There's a secret world of microbes hidden on the plastic littering the oceans, and scientists are untangling how these mysterious microbial communities, dubbed the "plastisphere," are impacting the ocean ecosystem.
The ocean is teeming with trash, which collects in places in the ocean where currents can trap the debris, such as the great Pacific garbage patch, which is about the size of Texas. Researchers have found that seabirds often ingest this debris, but little was known about how sea debris affected the entire ocean ecosystem.
Last year, scientists discovered that about 1,000 microbes thrived on the plastic debris drifting in the oceans. Many of the bacteria belong to the genus Vibrio (the same genus as the cholera bacteria), which is known to cause diseases in humans and animals. Other microbial members of the plastisphere seemed to hasten the breakdown of the plastic. The microbes also look markedly different from ordinary marine microbes, the scientists said.
But the researchers didn't understand exactly how those microbes got on the plastic, or whether they were affecting the ocean ecology.
In follow-up research, scientists have found evidence that these microbes can form colonies on plastic in just a few minutes. In addition, some types of harmful bacteria tend to prefer living on plastic more than others do. [In Photos: Trash Litters Deep Seafloor]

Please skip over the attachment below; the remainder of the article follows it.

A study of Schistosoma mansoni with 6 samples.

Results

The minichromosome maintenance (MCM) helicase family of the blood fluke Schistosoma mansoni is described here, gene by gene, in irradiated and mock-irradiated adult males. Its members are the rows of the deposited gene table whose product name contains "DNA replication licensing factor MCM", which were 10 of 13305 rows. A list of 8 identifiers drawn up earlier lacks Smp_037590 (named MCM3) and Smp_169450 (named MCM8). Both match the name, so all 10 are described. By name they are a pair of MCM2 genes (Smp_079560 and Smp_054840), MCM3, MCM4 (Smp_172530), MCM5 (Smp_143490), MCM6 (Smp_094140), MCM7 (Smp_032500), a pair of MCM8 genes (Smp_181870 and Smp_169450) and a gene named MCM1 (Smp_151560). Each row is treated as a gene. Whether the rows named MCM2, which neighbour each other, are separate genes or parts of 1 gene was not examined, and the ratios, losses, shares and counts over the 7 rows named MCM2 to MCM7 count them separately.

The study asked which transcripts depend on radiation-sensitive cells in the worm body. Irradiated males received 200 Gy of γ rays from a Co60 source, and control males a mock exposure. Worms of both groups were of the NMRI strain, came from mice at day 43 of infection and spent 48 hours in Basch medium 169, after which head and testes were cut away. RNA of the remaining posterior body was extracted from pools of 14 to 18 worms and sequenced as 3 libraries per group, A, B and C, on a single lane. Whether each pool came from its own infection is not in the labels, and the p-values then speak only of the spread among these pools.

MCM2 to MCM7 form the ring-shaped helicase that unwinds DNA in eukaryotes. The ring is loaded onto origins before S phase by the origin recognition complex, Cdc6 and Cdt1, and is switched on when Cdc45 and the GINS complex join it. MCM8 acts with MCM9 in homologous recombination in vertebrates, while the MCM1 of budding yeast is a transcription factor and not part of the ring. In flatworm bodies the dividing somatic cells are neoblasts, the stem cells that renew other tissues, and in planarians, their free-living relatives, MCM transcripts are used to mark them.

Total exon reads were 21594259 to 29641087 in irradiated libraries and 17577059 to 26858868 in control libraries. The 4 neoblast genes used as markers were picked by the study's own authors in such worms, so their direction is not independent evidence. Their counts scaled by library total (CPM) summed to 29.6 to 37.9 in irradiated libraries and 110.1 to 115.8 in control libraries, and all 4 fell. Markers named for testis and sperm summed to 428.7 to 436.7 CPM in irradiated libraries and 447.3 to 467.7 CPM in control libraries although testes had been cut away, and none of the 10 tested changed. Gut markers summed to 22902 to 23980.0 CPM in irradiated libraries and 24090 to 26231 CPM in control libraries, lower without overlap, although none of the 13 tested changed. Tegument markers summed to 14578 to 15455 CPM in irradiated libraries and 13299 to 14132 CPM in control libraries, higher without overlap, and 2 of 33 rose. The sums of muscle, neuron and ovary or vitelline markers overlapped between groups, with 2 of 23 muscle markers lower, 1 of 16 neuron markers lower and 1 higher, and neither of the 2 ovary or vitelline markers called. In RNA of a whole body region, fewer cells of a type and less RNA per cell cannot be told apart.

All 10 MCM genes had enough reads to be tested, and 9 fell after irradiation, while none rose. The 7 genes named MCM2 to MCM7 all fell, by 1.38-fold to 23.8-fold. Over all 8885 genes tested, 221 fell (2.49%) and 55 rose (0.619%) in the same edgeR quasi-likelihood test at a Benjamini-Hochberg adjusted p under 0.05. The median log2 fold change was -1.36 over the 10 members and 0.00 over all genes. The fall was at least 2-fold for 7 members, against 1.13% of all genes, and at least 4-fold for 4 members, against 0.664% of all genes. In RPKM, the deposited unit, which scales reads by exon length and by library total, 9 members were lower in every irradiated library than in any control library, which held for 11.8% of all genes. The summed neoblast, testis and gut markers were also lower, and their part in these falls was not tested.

As a follow-up, the researchers are trying to see whether fish ingesting the plastic could help these bizarre microbes thrive, by providing additional nutrients for the bacteria in their guts.
Unlocking the mysterious world of these microbes could help scientists understand the role of plastic in the ocean as a whole.
"One of the benefits of understanding the plastisphere right now and how it interacts with biota in general, is that we are better able to inform materials scientists on how to make better materials and, if they do get out to sea, have the lowest impact possible,” Tracy Mincer, an associate scientist at Woods Hole Oceanographic Institution in Woods Hole, Mass., said in a statement, referring to how the plastisphere interacts with other life in the oceans.
The findings were presented yesterday (Feb. 24) at the 2014 Ocean Sciences Meeting of the American Geophysical Union.